Mechanical sounds and living voicesBy John E. Sharp
The Hesston (Kan.) College campus was astir on Nov. 9, 1949, when a Steinway grand piano arrived.
With the excitement of a child discovering a new toy, music professor John P. Duerksen inaugurated the Steinway by playing it for the campus community.
In his introductory comments, he said the piano would help produce finer programs of music, as well as serve talented students who wished to learn to play it.
It was not the first piano on campus. For about a decade, students who wished to take lessons could cross the street to the home of Paul and Alta Eby Erb, who owned a piano. Then a piano was placed unofficially in the snack shop and then in the Green Gables reception room.
But word leaked out.
In 1946, an alarmed John L. Stauffer at Eastern Mennonite College in Harrisonburg, Va., wrote to the Mennonite Board of Education member Nelson E. Kauffman to ask, “Is it true? I am told that they have a piano at Hesston this year… . It looks as if they [pianos] are just around the corner unless we bestir ourselves” to prevent it.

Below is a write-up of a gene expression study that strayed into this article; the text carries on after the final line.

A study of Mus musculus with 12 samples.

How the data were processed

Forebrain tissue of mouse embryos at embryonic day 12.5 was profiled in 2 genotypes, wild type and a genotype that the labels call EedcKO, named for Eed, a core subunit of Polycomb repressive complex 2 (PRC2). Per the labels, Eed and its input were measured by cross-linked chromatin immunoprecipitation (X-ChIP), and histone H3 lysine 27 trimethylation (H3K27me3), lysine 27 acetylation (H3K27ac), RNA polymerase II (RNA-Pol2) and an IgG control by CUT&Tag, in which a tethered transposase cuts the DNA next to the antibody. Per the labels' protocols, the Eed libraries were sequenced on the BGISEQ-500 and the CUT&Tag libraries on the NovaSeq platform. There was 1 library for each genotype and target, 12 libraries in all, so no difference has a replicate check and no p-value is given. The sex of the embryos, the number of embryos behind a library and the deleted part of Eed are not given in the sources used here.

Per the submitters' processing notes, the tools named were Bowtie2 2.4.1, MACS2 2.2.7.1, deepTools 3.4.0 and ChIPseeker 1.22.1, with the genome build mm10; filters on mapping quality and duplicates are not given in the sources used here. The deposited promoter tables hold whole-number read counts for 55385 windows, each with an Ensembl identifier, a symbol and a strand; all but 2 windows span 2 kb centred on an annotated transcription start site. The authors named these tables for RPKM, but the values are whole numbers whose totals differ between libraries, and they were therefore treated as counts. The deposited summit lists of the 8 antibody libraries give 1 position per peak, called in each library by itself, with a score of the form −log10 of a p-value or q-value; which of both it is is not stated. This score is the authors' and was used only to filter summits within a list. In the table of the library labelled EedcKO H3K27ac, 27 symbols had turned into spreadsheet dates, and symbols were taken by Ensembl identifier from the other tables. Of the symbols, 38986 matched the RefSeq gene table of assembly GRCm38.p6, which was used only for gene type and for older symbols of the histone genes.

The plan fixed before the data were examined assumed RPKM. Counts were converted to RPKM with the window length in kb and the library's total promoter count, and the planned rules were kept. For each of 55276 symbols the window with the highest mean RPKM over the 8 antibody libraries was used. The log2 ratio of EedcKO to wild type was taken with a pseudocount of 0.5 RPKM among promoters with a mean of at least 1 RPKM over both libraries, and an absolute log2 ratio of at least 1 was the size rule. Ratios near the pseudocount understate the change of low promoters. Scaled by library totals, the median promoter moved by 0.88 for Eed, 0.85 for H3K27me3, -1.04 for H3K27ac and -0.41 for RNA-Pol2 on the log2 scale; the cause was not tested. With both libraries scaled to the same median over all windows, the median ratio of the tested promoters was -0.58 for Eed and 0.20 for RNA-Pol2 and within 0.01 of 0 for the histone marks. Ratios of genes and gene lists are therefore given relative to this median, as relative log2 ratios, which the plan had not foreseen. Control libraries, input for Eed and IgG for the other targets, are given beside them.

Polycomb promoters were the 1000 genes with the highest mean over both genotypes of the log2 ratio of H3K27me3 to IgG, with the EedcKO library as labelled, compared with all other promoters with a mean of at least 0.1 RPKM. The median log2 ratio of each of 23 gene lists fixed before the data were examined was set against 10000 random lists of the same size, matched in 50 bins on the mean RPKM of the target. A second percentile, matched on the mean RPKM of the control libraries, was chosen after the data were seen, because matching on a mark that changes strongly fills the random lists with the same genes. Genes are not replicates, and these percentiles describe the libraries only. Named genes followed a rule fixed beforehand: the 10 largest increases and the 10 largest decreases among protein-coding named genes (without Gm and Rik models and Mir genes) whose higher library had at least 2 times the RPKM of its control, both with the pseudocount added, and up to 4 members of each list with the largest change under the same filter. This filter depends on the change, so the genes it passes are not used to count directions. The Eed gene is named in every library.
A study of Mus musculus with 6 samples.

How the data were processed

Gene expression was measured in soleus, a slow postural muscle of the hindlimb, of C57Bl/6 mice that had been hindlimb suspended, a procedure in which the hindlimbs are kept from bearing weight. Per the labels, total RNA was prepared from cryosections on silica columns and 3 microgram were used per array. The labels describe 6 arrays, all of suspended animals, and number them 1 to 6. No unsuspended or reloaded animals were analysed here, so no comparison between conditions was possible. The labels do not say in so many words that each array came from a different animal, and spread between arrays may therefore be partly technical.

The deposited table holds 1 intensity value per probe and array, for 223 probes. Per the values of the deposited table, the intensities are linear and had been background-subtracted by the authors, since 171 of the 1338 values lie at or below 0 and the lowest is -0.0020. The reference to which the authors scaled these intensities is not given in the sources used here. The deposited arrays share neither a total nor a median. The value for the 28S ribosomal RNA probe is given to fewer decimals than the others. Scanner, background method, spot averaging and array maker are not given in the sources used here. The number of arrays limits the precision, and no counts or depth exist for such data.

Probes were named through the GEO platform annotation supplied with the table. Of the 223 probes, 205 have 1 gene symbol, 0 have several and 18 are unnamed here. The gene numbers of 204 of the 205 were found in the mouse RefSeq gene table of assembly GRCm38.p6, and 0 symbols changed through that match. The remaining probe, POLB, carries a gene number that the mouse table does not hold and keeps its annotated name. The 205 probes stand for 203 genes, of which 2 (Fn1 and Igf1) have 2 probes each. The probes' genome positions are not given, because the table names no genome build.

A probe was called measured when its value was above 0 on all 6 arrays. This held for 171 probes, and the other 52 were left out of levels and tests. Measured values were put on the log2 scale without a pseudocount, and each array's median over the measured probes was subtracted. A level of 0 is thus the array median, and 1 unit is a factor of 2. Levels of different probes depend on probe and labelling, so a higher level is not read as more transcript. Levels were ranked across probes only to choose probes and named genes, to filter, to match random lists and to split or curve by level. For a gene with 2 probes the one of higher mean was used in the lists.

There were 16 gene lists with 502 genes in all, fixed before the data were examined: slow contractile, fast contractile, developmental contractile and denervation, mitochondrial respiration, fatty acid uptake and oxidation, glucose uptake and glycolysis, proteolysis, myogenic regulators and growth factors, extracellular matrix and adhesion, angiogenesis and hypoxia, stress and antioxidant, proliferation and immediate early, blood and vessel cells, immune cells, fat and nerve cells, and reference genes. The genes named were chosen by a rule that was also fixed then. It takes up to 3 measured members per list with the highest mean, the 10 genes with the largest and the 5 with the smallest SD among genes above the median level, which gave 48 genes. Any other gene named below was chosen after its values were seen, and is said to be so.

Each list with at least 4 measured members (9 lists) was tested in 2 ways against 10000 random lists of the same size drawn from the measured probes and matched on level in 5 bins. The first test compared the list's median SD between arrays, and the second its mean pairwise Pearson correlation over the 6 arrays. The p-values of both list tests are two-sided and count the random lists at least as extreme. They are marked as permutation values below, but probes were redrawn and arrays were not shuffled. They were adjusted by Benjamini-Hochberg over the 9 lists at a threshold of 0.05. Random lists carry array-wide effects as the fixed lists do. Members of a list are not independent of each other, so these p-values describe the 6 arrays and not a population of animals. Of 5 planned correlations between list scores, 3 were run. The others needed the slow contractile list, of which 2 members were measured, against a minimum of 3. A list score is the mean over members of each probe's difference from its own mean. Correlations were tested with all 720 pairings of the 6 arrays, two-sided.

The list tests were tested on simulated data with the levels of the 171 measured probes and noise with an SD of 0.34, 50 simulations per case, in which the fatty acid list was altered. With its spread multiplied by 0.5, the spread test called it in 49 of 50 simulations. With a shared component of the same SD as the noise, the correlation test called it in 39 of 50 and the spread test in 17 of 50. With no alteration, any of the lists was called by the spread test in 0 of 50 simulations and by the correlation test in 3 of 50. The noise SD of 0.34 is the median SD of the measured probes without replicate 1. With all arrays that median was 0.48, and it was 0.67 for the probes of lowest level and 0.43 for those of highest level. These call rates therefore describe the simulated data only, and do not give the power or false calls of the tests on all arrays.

MBE officials were ready to “bestir” themselves to prevent the further eroding of MC Mennonite worship practices. The piano would lead to the organ — which, of course it did. Organs would require professional organists, cost money, endanger a cappella singing and change the nature of the congregation.
By long tradition, MC Mennonites had safeguarded a cappella singing against the threat of musical instruments, as had their Swiss and South German Anabaptist forebears.
Conrad Grebel and Felix Mantz followed their spiritual mentor, Swiss reformer Ulrich Zwingli, in his rejection of all things Catholic: ceremonies, rituals, liturgy, images — and instrumental music.
Though he was a musician of extraordinary talent, Zwingli said the New Testament taught none of those popish mockeries. Thus, musical instruments were forbidden.